Sunday, September 28, 2008

Finance, Continued

MaxedOutMama faults Nationally Recognized Statistical Rating Organizations ("NRSROs")--credit rating agencies that grade securities--for fueling yesterday's boom and today's bust. And Fabius Maximus pictures the problems and provides a solution.

Don't miss the Washington Times on the bail-out:
House and Senate negotiators, including Democratic and Republican members of the Senate Banking Committee and House Financial Services Committee, announced yesterday that they had reached a framework for a $700 billion financial bailout package. Many of the specifics remain vague, but House Speaker Nancy Pelosi said President Bush had agreed in principle with Democrats on basic conditions for the bailout, including help for homeowners (in other words, a bailout that will include many irresponsible people who acquired homes they could not afford) and an equity position for taxpayers in companies that accept public funds (a more plain-spoken description would be one word: "socialism.") . . .

Perhaps the most unfortunate thing about all the Republican support for this fraudulent "rescue" plan is that there are free-market alternatives that have been essentially ignored during the debate. These include repeal of (or at a minimum, dramatically scaling back) legislation such as the Community Reinvestment Act, which gives liberal activist types legal authority to shake down corporations to get them to give mortgages to people who are bad credit risks. It also includes reducing or temporarily suspending capital-gains and corporate income taxes to strengthen the financial industry. But these alternatives appear to have been largely ignored by Mr. McCain and many of his fellow Republicans.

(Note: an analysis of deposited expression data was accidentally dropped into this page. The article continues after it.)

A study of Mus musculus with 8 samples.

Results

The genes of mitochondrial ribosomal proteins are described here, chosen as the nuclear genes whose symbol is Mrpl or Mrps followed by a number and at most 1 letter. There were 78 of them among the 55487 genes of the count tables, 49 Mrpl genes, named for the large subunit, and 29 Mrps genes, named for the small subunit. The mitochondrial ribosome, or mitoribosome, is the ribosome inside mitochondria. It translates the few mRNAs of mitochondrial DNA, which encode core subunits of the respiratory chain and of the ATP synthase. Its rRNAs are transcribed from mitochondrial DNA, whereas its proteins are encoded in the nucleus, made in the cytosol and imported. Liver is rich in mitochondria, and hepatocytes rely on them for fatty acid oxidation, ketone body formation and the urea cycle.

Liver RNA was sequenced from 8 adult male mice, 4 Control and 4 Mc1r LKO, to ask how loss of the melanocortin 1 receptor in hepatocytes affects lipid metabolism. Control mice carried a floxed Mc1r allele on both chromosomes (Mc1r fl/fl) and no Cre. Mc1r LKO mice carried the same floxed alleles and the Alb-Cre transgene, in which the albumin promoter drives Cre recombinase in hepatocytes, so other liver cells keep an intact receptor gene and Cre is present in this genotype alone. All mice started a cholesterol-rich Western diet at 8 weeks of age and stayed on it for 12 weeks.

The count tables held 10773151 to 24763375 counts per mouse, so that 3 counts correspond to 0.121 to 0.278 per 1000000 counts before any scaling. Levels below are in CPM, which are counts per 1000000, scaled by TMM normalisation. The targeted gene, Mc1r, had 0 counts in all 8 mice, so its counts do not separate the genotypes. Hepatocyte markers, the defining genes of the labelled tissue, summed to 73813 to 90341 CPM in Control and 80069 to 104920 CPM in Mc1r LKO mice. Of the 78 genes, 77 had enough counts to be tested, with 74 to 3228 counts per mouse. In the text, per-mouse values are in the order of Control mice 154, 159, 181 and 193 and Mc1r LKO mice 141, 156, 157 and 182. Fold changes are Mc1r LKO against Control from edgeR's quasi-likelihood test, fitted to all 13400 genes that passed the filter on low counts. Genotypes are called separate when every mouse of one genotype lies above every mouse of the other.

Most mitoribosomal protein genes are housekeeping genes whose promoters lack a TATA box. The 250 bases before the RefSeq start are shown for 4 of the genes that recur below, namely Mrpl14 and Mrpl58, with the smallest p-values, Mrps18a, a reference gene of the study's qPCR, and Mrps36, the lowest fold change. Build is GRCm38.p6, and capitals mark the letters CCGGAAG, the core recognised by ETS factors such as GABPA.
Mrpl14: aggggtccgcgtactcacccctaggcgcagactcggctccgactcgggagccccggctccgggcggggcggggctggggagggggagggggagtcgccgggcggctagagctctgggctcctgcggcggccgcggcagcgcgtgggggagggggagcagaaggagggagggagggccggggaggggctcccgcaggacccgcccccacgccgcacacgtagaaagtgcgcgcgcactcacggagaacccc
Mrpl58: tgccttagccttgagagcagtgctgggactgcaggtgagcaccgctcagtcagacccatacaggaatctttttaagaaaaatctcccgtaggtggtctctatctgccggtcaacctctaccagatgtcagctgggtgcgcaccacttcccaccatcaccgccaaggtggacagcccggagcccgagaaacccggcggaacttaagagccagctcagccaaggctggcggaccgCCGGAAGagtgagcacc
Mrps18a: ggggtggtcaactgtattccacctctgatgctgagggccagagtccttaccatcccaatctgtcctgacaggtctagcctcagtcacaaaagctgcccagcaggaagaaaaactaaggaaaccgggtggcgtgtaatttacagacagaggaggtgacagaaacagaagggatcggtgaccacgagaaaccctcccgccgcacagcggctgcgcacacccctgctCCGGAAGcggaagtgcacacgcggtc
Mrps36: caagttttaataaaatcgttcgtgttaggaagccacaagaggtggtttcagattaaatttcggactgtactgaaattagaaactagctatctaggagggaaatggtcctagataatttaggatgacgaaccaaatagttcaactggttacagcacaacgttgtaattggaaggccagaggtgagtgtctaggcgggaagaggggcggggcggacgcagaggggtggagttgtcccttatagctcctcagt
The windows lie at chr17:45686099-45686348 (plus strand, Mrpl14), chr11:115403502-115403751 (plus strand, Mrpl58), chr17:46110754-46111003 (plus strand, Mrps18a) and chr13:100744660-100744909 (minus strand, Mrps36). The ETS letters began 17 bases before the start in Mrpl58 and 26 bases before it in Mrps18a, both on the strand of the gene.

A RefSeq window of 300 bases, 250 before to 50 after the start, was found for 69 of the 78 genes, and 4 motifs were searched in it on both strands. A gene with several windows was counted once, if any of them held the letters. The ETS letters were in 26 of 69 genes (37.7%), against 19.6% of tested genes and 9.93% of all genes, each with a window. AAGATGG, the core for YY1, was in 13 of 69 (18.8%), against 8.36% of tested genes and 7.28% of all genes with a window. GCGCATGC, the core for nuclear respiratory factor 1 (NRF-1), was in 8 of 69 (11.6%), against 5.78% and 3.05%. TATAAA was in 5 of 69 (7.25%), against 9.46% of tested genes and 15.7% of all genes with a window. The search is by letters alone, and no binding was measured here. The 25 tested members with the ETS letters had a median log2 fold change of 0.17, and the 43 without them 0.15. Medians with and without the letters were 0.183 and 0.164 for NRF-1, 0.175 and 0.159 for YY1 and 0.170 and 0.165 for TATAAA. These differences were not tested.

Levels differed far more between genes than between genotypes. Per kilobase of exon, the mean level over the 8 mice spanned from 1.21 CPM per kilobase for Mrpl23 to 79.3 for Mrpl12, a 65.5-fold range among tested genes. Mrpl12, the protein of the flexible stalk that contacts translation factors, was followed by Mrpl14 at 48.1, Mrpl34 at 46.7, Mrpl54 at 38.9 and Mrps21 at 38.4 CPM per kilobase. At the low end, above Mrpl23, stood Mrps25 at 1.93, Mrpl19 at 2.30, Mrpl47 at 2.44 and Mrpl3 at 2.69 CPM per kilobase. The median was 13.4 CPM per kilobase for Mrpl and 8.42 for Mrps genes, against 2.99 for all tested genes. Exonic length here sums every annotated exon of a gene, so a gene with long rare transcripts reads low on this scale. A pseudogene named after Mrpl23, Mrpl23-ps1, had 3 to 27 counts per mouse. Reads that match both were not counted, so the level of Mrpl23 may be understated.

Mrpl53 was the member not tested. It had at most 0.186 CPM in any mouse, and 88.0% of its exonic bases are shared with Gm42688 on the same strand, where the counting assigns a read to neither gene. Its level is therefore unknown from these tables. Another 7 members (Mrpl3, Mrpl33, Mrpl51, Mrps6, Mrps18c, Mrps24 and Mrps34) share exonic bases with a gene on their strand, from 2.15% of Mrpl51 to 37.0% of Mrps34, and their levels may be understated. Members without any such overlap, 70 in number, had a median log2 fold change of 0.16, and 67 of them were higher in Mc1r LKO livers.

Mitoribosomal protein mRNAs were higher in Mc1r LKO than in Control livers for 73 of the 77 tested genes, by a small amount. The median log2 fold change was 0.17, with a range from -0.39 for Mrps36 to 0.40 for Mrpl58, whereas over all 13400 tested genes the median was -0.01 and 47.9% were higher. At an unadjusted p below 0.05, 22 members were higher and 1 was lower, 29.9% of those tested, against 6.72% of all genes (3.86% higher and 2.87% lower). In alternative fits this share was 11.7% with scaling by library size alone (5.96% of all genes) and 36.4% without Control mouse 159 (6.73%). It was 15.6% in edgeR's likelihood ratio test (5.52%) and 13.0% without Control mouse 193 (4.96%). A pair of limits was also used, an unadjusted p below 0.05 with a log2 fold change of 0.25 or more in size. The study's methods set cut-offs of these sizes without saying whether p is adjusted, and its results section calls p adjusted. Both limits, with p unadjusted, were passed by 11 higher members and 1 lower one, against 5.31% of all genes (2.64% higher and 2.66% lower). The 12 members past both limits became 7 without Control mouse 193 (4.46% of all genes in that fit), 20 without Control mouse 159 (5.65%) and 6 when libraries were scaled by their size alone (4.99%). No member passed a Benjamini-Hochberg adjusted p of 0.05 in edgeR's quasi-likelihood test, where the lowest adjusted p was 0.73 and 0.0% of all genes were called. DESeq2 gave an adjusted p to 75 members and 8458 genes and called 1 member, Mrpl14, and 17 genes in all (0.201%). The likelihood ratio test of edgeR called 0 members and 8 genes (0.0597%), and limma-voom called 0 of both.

See also former South Carolina governor Mark Sanford in the Washington Post:
For 200 years, the "business model" in our country has rested on a simple fact: that while one may reap rewards from taking risks, one should also be prepared to face the consequences of those risks. Some of the proposed actions with regard to the credit market turn that business model on its head -- absolving those who took too much risk, or bought too much house, from the weight of their own choices. If Congress passes the proposed bailout, we will be destined to have far greater problems in time, leaving those who are prudent in their finances to foot the bill for those who are not. . .

Last week's events were rooted in distressed mortgage securities whose optimistic values were facilitated by quasi-governmental entities Fannie Mae and Freddie Mac. The investment banking capital write-downs were turbocharged by the Sarbanes-Oxley Act, which did what too many laws do -- it fixed yesterday's problem. The amazing expansion of credit was fueled by a Federal Reserve offering an easy-money policy that led us right into a credit bubble. All this was made worse by the government enabling some people's tendency to want more house than they can afford.

With that bubble popped, we will now go through a major financial de-leveraging. It will be painful. Yet to preserve what has made this country great, we need to be on guard against Washington offering endless cures to our ills.
Previous posts on the subject here and here.

1 comment:

Anonymous said...

Complex finance is like complex legalese......designed to deceive.